While Salt Lake City, Utah may not have as many roundabouts as Europe, they’re still fairly common in the states. These roundabouts are designed to make intersections safer for pedestrians, cyclists and most importantly, drivers. These traffic creations are meant to replace traditional four-way stop intersections to keep traffic flowing smoother and safer, but like anything else, there are going to be a few drivers that don’t fully grasp the concept.
In order to keep auto accident rates down and avoid a call to your lawyer, you should read up on how to properly use these roundabouts if you’re new to them or rarely get the chance to drive in them. Here are some tips to keep you safe when using a roundabout.
The Different Types of Roundabouts
In the states, there are two types of roundabouts: Single-lane roundabouts and multi-lane roundabouts. Single-lane roundabouts are simple, as long as you make sure you’re following the directions. Slow down and follow the posted speed limit sign as you approach the roundabout, while keeping an eye out for pedestrians. As you enter the roundabout, look to your left and obey all yield signs; make sure you yield to traffic that is already in the roundabout.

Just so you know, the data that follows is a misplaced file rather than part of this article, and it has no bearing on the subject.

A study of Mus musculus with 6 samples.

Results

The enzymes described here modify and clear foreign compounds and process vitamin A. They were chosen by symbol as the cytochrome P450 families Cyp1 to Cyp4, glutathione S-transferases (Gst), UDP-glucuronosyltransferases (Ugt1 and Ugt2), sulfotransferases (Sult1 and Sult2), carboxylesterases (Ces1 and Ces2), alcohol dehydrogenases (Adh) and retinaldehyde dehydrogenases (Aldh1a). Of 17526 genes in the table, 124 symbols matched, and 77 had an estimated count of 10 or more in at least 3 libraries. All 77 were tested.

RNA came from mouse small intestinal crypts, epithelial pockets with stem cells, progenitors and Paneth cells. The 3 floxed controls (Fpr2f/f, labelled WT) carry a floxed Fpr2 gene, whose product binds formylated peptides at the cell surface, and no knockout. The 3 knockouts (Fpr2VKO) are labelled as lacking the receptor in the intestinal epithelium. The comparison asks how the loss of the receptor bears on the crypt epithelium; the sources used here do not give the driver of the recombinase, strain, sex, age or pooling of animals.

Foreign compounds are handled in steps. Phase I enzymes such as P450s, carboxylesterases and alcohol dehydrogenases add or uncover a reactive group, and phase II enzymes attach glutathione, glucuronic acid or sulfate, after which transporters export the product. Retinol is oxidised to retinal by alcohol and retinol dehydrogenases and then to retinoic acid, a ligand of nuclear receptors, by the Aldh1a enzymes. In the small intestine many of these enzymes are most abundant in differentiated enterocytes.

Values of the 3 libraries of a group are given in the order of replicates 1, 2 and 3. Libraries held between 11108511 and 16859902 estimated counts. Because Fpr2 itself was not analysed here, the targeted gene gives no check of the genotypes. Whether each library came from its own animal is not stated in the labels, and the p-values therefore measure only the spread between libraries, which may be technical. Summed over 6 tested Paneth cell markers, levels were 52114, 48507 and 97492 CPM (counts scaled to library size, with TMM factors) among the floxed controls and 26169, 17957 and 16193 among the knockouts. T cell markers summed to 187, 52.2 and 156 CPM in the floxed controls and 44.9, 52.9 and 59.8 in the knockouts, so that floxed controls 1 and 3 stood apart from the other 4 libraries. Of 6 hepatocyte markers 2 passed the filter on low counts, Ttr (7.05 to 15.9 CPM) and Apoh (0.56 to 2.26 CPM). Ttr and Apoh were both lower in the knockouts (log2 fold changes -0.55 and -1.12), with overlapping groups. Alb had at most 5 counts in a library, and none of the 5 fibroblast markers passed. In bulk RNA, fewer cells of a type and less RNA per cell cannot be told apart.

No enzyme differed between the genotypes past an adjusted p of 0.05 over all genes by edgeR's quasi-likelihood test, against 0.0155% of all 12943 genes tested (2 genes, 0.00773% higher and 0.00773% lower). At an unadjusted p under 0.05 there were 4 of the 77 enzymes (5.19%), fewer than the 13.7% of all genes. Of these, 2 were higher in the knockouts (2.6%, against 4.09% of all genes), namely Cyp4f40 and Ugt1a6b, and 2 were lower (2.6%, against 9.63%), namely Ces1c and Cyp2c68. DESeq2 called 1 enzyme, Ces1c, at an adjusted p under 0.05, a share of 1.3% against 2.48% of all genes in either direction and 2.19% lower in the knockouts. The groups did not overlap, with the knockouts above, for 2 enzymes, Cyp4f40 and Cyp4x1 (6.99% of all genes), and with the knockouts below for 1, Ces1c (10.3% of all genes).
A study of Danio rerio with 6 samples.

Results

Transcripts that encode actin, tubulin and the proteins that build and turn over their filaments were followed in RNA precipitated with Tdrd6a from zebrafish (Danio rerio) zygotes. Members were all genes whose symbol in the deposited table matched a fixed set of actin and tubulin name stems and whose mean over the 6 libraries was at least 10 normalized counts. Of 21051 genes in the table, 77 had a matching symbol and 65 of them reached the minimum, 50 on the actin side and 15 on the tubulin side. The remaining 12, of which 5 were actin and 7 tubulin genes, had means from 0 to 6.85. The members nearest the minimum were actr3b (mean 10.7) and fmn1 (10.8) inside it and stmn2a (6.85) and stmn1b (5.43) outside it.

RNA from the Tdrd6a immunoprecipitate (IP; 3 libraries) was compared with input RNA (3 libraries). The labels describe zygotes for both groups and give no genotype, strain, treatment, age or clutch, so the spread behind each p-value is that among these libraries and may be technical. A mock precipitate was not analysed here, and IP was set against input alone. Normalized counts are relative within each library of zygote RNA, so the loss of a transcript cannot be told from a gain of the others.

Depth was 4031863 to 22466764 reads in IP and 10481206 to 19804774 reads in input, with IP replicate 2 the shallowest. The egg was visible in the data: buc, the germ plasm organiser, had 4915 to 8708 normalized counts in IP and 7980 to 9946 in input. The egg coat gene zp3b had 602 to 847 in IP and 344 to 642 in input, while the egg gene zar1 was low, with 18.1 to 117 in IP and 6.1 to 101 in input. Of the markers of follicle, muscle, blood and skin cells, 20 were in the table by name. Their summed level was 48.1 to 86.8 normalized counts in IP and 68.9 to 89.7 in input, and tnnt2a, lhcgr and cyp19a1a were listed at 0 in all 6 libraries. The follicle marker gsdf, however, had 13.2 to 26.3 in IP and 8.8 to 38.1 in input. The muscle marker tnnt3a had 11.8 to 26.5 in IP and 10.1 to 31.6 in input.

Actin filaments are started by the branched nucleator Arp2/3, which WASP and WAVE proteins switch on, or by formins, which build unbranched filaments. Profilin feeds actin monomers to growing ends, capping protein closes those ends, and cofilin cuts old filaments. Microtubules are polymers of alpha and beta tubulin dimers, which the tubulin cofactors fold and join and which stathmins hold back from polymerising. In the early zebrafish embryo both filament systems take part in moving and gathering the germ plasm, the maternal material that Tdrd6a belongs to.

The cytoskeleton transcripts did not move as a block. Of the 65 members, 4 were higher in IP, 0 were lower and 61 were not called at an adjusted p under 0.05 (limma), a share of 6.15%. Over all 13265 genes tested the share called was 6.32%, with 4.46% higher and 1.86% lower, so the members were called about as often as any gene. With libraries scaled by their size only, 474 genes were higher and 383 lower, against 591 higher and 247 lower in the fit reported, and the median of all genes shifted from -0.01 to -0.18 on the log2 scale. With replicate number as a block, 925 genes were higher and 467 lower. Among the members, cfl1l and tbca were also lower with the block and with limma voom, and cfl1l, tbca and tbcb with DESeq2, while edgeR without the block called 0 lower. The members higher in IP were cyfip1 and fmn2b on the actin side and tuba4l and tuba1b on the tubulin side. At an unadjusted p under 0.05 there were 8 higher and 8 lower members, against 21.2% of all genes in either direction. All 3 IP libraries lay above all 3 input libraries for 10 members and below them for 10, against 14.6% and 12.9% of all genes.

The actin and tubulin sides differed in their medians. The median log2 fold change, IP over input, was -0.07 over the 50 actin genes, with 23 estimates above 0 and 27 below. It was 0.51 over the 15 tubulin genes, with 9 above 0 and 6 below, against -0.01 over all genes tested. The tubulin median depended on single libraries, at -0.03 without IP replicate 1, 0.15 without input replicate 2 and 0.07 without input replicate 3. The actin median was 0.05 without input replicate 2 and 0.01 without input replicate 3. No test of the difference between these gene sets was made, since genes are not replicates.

Once the coast is clear, continue to proceed until you exit the roundabout. These single-lane roundabouts help reduce the chances of an auto accident by providing more direction at an intersection, so following the rules to the T is the best way to stay safe.
Multi-lane roundabouts may seem more confusing than their single-lane counterparts, but they’re essentially the same thing with a few minor direction additions. In a multi-lane roundabout, you will see two signs as you approach the intersection. There will be a yellow “roundabout ahead” sign first, followed by a black-and-white “lane choice” sign; make sure you choose a lane before getting into the roundabout. Changing lanes in the roundabout is extremely dangerous and can lead to an auto accident.
If you need help choosing a lane: To go straight or to turn right, get in the right lane; to go straight or to turn left, get into the left lane⎯ U-turns can also be made in the left lane.
Follow the same precautions you would use in a single-lane roundabout, such as watching out for pedestrians and yielding to traffic already in the roundabout and you will make it out without a sweat and avoid giving your lawyer a call.
If you or someone you know have been injured in an auto accident because of someone else’s negligence, contact our attorney team at Robert J. DeBry and Associates. We will get an experienced attorney on your case to help build a strong claim for you.